Editing in the Time of Covid

by Kitt McClain

Hello, My name is Kitt, and I am a new novelist.

I feel like we newbies should have a support group. I have referenced several websites hoping to find the definitive answer to the ultimate question. I have my first draft. Now what?

I had a plan. I would edit my zero draft for spelling and continuity, and then I would hand my pride and joy to my alpha readers. I wanted to get a sense of whether the whole story structure or the novel’s writing was trash and vomit-inducing or tolerable. It turns out it was readable and somewhat entertaining. No, the readers were not my mom and dad. Full discloser, one was my sister, an avid reader and frequent editor of our blog post on NightInkGals.com. Before you think I got a pass, picture this, you’ve just handed your bright and shiny first draft over into her care. She places it unceremoniously on the table, and then she pulls out a notepad, a red pen and goes to work. I exited stage left my anxiety in overdrive.

I followed the standard advice. Write your draft, then let it sit, marinate. All of the writers’ sites say you must get distance between you and your piece of literary genius. Let go for a month at least, maybe even as long as six months. I was a dutiful newbie and decided to split the difference and settled on three months.

Meanwhile, I outlined the next book in the series of my family saga. This sounds good, right? Well, it veered off the path. I quickly realized that waiting was the weak link in my plan. In the three months, I did get distance from my story to explore it as an objective reader rather than the author, but I didn’t realize there would be a bigger problem. Writing the first draft had been a perfect distraction from the elephant in the room.

Covid-19 changed the world. It has impacted us all in one way or another. As a nurse, my experience with the pandemic has been rewarding and overwhelming. The angst that gripped me at the thought that I could bring the virus home and infect my family tortured me daily. I was on constant watch for symptoms. Were the night sweats a fever or just menopause? What about that nausea and diarrhea, was that the start of symptoms or was it that four-day-old Chinese food? My paranoia reigned. Enter “Elizabeth”, the main character and protagonist of my novel. Writing my story created a buffer between me and my daily challenge of dealing with Covid-19. The fast drafting of my book was a welcome distraction from my reality of patients demanding that they somehow were exempt from wearing masks and that they needed three family members to attend each clinic visit. Long gone were the days of first-line hero euphoria. Now, in its place was resentment and anger. With her friends and family, Elizabeth allowed me to escape that reality and engulf myself in a new world of my own making. Creating Elizabeth’s rollercoaster ride was my outlet and protector from Covid 19 stress.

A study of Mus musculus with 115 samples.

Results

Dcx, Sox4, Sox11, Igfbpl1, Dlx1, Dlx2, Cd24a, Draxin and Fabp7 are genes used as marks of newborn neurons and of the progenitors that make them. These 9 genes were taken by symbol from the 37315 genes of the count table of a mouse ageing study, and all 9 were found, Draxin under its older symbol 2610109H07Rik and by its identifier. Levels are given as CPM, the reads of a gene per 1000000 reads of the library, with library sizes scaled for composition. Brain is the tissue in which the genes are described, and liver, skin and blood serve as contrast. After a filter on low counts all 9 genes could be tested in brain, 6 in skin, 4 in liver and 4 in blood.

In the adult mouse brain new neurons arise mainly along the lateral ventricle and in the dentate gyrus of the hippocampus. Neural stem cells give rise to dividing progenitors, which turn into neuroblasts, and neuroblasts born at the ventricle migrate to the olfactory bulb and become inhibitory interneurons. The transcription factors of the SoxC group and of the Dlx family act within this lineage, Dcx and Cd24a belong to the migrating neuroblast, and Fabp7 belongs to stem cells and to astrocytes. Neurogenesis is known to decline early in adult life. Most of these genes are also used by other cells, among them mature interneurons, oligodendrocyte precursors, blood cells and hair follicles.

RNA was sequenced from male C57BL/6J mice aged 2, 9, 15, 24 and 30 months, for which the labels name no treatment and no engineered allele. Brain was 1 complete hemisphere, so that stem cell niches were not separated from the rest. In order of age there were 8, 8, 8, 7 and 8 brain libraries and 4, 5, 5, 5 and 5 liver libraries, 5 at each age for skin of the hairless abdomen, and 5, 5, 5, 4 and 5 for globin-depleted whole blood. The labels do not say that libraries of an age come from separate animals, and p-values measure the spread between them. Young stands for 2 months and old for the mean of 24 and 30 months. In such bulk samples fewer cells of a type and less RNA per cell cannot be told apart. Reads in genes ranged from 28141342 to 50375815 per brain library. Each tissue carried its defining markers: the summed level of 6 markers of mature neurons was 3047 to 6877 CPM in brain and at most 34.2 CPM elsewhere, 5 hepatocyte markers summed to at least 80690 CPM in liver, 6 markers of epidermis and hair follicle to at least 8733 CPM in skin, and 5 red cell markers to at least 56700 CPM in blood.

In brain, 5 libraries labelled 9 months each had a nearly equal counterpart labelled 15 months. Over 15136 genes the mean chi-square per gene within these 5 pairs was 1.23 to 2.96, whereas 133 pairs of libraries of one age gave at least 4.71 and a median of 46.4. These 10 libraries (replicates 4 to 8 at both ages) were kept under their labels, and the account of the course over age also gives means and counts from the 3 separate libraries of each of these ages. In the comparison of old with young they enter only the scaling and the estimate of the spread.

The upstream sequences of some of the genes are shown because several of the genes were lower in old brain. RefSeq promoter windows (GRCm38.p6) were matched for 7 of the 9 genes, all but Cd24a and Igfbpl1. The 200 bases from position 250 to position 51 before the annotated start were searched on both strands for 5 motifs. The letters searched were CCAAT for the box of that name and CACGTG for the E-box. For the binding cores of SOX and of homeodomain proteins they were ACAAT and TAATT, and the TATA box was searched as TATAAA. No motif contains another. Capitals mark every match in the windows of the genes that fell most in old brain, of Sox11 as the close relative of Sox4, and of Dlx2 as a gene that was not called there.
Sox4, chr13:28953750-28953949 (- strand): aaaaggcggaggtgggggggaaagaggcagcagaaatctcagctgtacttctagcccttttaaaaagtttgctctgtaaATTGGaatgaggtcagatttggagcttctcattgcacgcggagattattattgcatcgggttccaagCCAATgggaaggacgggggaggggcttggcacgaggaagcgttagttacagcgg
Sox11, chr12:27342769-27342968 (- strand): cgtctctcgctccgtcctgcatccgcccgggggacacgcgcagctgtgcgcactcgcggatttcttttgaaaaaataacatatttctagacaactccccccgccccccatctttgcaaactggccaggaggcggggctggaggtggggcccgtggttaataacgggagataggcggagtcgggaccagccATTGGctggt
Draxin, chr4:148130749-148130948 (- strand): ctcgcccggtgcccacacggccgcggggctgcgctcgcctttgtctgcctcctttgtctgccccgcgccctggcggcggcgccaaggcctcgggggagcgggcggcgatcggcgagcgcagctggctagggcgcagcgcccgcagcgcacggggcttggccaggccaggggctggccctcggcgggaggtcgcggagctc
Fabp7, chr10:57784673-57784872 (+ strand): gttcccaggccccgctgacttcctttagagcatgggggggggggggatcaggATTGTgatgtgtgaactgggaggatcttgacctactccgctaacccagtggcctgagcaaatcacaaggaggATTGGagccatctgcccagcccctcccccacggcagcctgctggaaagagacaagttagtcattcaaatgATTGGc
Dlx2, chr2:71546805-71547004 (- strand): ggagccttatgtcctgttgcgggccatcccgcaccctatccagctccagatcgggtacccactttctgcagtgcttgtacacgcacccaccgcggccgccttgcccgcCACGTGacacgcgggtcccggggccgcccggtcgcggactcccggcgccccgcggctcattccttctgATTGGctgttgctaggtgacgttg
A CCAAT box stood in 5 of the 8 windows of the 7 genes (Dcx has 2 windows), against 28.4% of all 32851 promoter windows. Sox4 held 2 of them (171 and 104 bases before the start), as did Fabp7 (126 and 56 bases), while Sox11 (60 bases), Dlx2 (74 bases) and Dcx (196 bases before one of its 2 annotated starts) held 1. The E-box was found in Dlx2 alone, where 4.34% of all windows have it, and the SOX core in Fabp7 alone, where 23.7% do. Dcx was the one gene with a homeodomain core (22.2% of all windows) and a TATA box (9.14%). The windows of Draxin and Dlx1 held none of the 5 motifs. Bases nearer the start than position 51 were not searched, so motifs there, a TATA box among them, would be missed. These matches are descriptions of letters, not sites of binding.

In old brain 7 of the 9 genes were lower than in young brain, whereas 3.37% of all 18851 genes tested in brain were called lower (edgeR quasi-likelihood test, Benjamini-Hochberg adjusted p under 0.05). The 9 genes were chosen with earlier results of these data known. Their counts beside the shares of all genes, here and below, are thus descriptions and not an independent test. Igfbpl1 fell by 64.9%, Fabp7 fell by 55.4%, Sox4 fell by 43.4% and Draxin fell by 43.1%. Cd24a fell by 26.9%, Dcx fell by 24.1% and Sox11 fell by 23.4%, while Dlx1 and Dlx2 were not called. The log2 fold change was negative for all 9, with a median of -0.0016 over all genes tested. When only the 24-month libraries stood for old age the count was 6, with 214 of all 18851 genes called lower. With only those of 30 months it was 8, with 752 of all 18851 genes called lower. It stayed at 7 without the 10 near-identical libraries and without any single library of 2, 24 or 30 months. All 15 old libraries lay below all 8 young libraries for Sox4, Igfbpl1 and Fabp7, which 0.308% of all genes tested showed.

I have learned to appreciate my wins. I did finish the first draft of my novel. Is it 100% complete and publishable? No, but it has a good solid structure and storyline. So now I have to edit my revision plan. But that’s ok. The key for me is to keep writing and dedicating time to my writing. I am forcing myself not to get bogged down by external things in the world that are out of my control. I have reset my path — I have recalculated the number of chapters I will edit per week. My once lofty goals are now more reasonable. I allow for job stress and strain in my plan. I have outlined three additional chapters to add to my manuscript, adding a little more bite.

In the end, my precious little masterpiece should come in at 75000- 80000 words. It doesn’t sound like much, but I think it is just right. The crucial part of this is that I finish. I know many before me gave up, but it is more than just myself. I’m thinking of a promise I made to someone special, my mother. As she lay dying of lymphoma, she said to me — “Write your book.” A stupid book was the least important thing to me at that moment. The most important person in my life was leaving me, and this changed my world forever. But after grieving, which admittedly took years. I understood at the moment my mother, who was fully aware that she was dying, who was hovering between this world and the next, felt the need to tell me to write.

On her birthday in November 2020, as I finally typed “The End,” I had mixed emotions. She wasn’t here to see that I kept my promise, but I was joyful that I had listened to her and finished the book.

No matter what you are writing, write and finish. Ignore the voices in your head and the doubts that creep up. Respect your desire to write. Stick to it no matter the obstacles. Your need to be an author is organic; respect it. You wouldn’t dream of being a writer If you are not supposed to write and to create. I love creating stories and characters. Find what can keep you motivated to make it to “The End.” For me, it’s keeping a promise I made to my mother in her last hours of life. Do I worry that the finished manuscript will suck? Yep. Will it get traditionally publish? I have no idea. But I finished and have the outline for the next novel in the hopper. That’s the point.

Thanks, Mom, for reminding me of my path. Promise kept.

We are nurses that have a passion for writing.